The Night of the Gun

David Carr was a man who left an impression. I never met him, but he has left an impression on me. I recently started working at the New York Times, in the newsroom. He passed away in my second week there. It was abundantly clear that he left an impression on scores of people there. His descriptions of the place so far match my take on it. There’s an unspoken agreement around the newsroom that everyone will constantly try to make the Times a better institution. David Carr seemed to embody some of that same spirit. Maybe he didn’t grow into it until the second half of his life, but he wanted deeply engage with things.

Carr’s descriptions of New York also match my take on the city. “The trick of enjoying New York is to not be so busy grinding your way to the center of the earth that you fail to notice the sparkle of the place, a scale and a kind of wonder that put all human endeavors in their proper place.” I’ve tried my best to build my life in New York in this way.

Besides these commonalities - our backgrounds as Midwesterners (he born, I adopted), New York City, the Times, among others - Carr’s writing and life grabbed me in other ways too. There’s nothing about him that comes off as distantly genius. Instead, he might be described as earthly genius. The intellect, the insight, the wisdom all seems not god-given but attained through experience, thoughtful meditation and a refusal to settle on any simple answer. This is most clearly embodied in his choice to thoroughly vet and document his memories via interviews and document analysis. Carr put in sweat and tears to construct this memoir. He put in sweat and tears to become one of the world’s leading technology and media columnists. He put in sweat and tears to mentor a future generation of world-class journalists like Brian Stelter and Tanehisi Coates. Nothing about his life seemed gifted, everything was a grind. I find myself feeling that way at times. Don’t get me wrong, I’ve been blessed in more ways than I can count, but I would describe myself as having average cognitive ability. Whatever intelligence, wisdom, knowledge, creativity I can muster, all feels like the result of a grind.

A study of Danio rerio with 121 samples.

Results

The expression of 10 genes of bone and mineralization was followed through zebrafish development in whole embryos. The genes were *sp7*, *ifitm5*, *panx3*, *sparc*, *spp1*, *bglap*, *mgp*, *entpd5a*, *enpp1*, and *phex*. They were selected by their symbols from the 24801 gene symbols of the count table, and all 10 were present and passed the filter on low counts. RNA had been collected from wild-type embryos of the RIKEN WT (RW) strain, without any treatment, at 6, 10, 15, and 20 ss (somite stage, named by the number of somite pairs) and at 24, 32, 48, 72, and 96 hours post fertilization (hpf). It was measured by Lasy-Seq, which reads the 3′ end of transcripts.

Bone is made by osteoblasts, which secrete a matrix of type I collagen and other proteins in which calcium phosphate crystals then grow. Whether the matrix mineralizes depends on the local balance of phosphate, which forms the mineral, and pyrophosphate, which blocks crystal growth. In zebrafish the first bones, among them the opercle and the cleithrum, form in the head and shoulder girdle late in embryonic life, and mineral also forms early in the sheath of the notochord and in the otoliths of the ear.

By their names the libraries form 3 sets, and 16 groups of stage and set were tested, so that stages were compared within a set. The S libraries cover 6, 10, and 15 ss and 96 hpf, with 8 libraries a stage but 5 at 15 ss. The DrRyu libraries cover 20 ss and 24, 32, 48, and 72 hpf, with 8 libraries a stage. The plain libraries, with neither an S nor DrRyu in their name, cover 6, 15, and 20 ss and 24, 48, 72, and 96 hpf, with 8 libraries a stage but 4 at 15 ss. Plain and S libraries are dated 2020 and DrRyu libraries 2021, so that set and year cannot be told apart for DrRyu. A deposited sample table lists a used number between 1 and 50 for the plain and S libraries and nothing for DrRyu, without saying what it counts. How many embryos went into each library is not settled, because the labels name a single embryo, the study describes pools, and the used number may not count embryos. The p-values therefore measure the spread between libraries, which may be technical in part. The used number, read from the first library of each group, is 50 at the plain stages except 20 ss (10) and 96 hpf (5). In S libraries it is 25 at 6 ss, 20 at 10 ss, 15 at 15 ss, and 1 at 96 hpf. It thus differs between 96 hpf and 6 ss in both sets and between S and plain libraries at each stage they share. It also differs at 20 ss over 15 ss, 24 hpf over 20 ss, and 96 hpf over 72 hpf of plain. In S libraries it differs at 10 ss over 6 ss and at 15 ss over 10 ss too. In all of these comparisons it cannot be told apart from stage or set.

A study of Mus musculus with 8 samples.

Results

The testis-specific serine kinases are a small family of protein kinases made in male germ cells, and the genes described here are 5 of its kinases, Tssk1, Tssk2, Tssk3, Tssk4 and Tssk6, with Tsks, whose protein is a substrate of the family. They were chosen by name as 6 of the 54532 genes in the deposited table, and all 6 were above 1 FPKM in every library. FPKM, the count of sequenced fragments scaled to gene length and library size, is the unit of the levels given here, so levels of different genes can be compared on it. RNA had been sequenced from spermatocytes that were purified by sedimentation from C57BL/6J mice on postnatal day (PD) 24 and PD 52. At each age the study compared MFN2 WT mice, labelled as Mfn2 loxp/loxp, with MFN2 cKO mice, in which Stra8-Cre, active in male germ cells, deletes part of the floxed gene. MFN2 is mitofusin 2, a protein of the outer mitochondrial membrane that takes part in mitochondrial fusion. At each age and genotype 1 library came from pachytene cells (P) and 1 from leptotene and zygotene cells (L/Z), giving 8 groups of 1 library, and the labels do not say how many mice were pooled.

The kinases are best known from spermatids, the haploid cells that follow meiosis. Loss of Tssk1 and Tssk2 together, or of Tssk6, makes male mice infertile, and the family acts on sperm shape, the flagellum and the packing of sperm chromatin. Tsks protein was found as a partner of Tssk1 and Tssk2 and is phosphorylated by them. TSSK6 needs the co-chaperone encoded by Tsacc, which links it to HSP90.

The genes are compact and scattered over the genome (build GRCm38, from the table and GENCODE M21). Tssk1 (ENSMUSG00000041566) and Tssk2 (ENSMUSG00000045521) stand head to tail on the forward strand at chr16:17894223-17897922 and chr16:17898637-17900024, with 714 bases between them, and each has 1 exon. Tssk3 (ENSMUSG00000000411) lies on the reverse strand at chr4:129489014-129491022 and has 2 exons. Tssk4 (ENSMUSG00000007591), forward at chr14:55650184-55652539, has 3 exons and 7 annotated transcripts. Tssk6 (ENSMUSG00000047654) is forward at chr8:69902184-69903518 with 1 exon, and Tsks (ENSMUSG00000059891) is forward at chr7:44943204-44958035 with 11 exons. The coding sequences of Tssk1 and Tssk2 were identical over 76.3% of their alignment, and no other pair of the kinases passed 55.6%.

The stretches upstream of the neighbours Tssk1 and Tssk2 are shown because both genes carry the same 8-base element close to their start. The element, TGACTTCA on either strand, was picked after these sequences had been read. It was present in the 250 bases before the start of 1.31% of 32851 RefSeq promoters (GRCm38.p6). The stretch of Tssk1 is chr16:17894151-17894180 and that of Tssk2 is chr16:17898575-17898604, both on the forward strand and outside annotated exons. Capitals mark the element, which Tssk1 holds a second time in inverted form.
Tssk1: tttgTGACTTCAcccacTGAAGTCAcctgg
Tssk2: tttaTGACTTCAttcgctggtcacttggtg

Perhaps, that’s what all true intelligence, knowledge, creativity, wisdom really is. Pulled out of a quicksand that would rather swallow it into darkness. Perhaps some people just make it seem like they divine their knowledge from the gods. If that is the case, I’m thankful that Carr did both - he muscled through the knowledge and then he made it clear that his peers and followers can do the same if we commit to the grind too.

If I could take exception with anything about this book, it would be the structure of the chapters. They were too short and abrupt. Clearly written by a journalist who spent years writing and editing in newspaper formats. Books, to state the obvious, are a different medium from newspapers and require a different structure.